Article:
Background: The European Society for Paediatric Gastroenterology, Hepatology, and Nutrition (ESPGHAN) position paper from 2015 on percutaneous endoscopic gastrostomy (PEG) required updating in the light of recent clinical knowledge and data published in medical journals since 2014. Methods: A systematic review of medical literature from 2014 to 2020 was carried out. Consensus on the content of the manuscript, including recommendations, was achieved by the authors through electronic and virtual means. The expert opinion of the authors is also expressed in the manuscript when there was a lack of good scientific evidence regarding PEGs in children in the literature. Results: The authors recommend that the indication for a PEG be individualized, and that the decision for PEG insertion is arrived at by a multidisciplinary team (MDT) having considered all appropriate circumstances. Well timed enteral nutrition is optimal to treat faltering growth to avoid complications of malnutrition and body composition. Timing, device choice and method of insertion is dependent on the local expertise and after due consideration with the MDT and family. Major complications such as inadvertent bowel perforation should be avoided by attention to good technique and by ensuring the appropriate experience of the operating team. Feeding can be initiated as early as 3 hours after tube placement in a stable child with iso-osmolar feeds of standard polymeric formula. Low-profile devices can be inserted initially using the single-stage procedure or after 2-3 months by replacing a standard PEG tube, in those requiring longer-term feeding. Having had a period of non-use and reliance upon oral intake for growth and weight gain-typically 8-12 weeks-a PEG may then safely be removed after due consultation. In the event of non-closure of the fistula the most successful method for closing it, to date, has been a surgical procedure, but the Over-The-Scope-Clip (OTSC) has recently been used with considerable success in this scenario. Conclusions: A multidisciplinary approach is mandatory for the best possible treatment of children with PEGs. Morbidity and mortality are minimized through team decisions on indications for insertion, adequate planning and preparation before the procedure, subsequent monitoring of patients, timing of the change to low-profile devices, management of any complications, and optimal timing of removal of the PEG.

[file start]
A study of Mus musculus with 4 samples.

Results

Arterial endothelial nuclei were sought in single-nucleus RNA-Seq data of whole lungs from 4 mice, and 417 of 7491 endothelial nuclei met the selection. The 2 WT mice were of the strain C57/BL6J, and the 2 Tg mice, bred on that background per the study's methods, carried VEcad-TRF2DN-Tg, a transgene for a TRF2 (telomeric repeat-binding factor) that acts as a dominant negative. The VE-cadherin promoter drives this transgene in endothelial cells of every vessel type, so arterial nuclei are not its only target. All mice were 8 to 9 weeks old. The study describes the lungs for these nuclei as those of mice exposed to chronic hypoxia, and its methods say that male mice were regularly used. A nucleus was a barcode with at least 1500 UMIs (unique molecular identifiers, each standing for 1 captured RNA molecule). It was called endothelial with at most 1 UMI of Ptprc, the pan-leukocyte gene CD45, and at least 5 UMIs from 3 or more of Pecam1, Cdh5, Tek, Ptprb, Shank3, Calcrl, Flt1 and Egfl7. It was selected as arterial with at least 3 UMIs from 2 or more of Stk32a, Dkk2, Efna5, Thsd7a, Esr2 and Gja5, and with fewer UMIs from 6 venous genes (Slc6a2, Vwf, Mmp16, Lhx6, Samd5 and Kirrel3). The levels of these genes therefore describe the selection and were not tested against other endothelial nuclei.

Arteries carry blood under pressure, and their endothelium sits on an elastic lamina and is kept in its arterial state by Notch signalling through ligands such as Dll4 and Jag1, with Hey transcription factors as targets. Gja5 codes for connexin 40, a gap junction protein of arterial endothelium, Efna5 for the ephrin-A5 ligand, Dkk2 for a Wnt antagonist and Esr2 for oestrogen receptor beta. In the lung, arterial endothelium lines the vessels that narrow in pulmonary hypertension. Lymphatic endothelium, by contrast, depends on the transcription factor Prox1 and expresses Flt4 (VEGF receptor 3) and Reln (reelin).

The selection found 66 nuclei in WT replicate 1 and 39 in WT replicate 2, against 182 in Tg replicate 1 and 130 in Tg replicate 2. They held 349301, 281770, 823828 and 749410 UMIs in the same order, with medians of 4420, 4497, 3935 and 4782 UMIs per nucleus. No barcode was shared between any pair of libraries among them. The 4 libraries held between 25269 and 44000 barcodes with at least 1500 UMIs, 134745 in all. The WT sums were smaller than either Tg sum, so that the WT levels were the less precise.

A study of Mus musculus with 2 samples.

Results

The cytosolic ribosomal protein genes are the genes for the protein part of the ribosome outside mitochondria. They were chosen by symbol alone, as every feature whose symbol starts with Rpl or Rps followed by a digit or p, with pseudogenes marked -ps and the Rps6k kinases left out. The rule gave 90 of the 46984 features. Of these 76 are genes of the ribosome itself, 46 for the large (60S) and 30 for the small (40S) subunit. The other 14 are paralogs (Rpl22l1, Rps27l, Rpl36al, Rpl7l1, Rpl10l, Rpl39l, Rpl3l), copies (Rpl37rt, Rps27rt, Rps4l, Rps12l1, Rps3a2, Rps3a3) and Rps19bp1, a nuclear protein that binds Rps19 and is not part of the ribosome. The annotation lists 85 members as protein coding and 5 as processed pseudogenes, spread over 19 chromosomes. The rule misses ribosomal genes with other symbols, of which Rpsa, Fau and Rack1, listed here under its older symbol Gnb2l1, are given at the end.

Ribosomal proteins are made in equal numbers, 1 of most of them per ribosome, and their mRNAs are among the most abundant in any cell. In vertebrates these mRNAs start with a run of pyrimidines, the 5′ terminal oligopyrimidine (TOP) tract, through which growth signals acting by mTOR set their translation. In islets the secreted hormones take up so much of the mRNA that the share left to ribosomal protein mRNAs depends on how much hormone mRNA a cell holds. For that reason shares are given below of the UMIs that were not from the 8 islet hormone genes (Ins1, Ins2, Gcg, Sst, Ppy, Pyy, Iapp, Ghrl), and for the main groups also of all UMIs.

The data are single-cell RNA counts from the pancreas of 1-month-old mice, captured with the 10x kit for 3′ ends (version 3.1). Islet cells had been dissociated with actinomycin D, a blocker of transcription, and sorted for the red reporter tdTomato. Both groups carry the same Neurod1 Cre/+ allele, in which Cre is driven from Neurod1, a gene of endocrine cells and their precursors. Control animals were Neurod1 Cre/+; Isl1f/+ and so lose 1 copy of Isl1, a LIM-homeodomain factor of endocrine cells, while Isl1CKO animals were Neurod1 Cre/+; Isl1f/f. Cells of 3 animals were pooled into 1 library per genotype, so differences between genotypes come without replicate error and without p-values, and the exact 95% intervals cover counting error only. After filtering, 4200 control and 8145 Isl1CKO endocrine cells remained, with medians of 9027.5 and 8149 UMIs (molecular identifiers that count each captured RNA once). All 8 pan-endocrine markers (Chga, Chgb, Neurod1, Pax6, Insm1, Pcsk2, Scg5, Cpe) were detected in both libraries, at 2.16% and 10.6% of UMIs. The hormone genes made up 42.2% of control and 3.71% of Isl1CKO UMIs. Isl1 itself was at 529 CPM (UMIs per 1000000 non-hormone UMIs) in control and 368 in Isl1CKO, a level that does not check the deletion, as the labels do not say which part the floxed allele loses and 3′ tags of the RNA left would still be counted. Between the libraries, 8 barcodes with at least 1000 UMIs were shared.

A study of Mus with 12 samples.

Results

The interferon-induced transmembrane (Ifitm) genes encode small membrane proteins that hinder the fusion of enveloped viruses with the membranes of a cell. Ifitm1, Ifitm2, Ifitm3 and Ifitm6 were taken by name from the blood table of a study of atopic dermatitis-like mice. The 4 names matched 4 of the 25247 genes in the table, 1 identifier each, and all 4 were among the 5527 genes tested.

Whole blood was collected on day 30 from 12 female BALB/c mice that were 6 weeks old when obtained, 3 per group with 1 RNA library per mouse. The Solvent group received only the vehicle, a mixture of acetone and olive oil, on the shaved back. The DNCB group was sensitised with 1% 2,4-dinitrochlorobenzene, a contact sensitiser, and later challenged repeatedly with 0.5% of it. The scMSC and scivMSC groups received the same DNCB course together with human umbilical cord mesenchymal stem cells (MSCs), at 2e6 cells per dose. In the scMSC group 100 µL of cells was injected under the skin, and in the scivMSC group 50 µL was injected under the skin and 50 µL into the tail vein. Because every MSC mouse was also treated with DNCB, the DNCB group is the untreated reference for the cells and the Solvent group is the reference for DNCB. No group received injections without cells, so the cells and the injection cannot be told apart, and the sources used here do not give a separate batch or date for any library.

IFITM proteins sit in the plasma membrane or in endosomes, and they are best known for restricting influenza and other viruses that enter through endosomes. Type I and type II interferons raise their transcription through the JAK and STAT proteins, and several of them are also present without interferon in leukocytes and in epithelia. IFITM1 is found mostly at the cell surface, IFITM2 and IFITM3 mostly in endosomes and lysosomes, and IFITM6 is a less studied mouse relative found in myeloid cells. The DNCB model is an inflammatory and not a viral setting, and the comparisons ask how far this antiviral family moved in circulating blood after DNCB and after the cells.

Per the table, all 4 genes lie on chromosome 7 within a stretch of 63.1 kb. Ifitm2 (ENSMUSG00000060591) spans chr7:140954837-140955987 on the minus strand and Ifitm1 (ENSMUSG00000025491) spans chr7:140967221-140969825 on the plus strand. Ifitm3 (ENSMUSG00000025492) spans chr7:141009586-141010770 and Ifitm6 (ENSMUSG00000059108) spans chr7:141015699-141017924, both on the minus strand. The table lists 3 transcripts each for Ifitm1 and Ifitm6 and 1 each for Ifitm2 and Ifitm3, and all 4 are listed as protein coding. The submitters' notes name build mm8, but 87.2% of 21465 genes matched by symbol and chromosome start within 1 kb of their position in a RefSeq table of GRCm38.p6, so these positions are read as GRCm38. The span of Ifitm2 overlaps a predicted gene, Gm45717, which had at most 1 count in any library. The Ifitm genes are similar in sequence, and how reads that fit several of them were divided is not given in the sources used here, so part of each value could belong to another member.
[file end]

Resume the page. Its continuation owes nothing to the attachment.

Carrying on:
Percutaneous endoscopic gastrostomy in children: an update to the ESPGHAN position paper / Homan, Matjaž; Hauser, Bruno; Romano, Claudio; Tzivinikos, Christos; Torroni, Filippo; Gottrand, Frédéric; Hojsak, Iva; Dall'Oglio, Luigi; Thomson, Mike; Bontems, Patrick; Narula, Priya; Furlano, Raoul; Oliva, Salvatore; Amil-Dias, Jorge. - In: JOURNAL OF PEDIATRIC GASTROENTEROLOGY AND NUTRITION. - ISSN 0277-2116. - Publish Ahead of Print:(2021). [10.1097/MPG.0000000000003207]

Percutaneous endoscopic gastrostomy in children: an update to the ESPGHAN position paper

Romano, Claudio;Dall'Oglio, Luigi;Oliva, Salvatore
Penultimo
;
2021

Abstract

Background: The European Society for Paediatric Gastroenterology, Hepatology, and Nutrition (ESPGHAN) position paper from 2015 on percutaneous endoscopic gastrostomy (PEG) required updating in the light of recent clinical knowledge and data published in medical journals since 2014. Methods: A systematic review of medical literature from 2014 to 2020 was carried out. Consensus on the content of the manuscript, including recommendations, was achieved by the authors through electronic and virtual means. The expert opinion of the authors is also expressed in the manuscript when there was a lack of good scientific evidence regarding PEGs in children in the literature. Results: The authors recommend that the indication for a PEG be individualized, and that the decision for PEG insertion is arrived at by a multidisciplinary team (MDT) having considered all appropriate circumstances. Well timed enteral nutrition is optimal to treat faltering growth to avoid complications of malnutrition and body composition. Timing, device choice and method of insertion is dependent on the local expertise and after due consideration with the MDT and family. Major complications such as inadvertent bowel perforation should be avoided by attention to good technique and by ensuring the appropriate experience of the operating team. Feeding can be initiated as early as 3 hours after tube placement in a stable child with iso-osmolar feeds of standard polymeric formula. Low-profile devices can be inserted initially using the single-stage procedure or after 2-3 months by replacing a standard PEG tube, in those requiring longer-term feeding. Having had a period of non-use and reliance upon oral intake for growth and weight gain-typically 8-12 weeks-a PEG may then safely be removed after due consultation. In the event of non-closure of the fistula the most successful method for closing it, to date, has been a surgical procedure, but the Over-The-Scope-Clip (OTSC) has recently been used with considerable success in this scenario. Conclusions: A multidisciplinary approach is mandatory for the best possible treatment of children with PEGs. Morbidity and mortality are minimized through team decisions on indications for insertion, adequate planning and preparation before the procedure, subsequent monitoring of patients, timing of the change to low-profile devices, management of any complications, and optimal timing of removal of the PEG.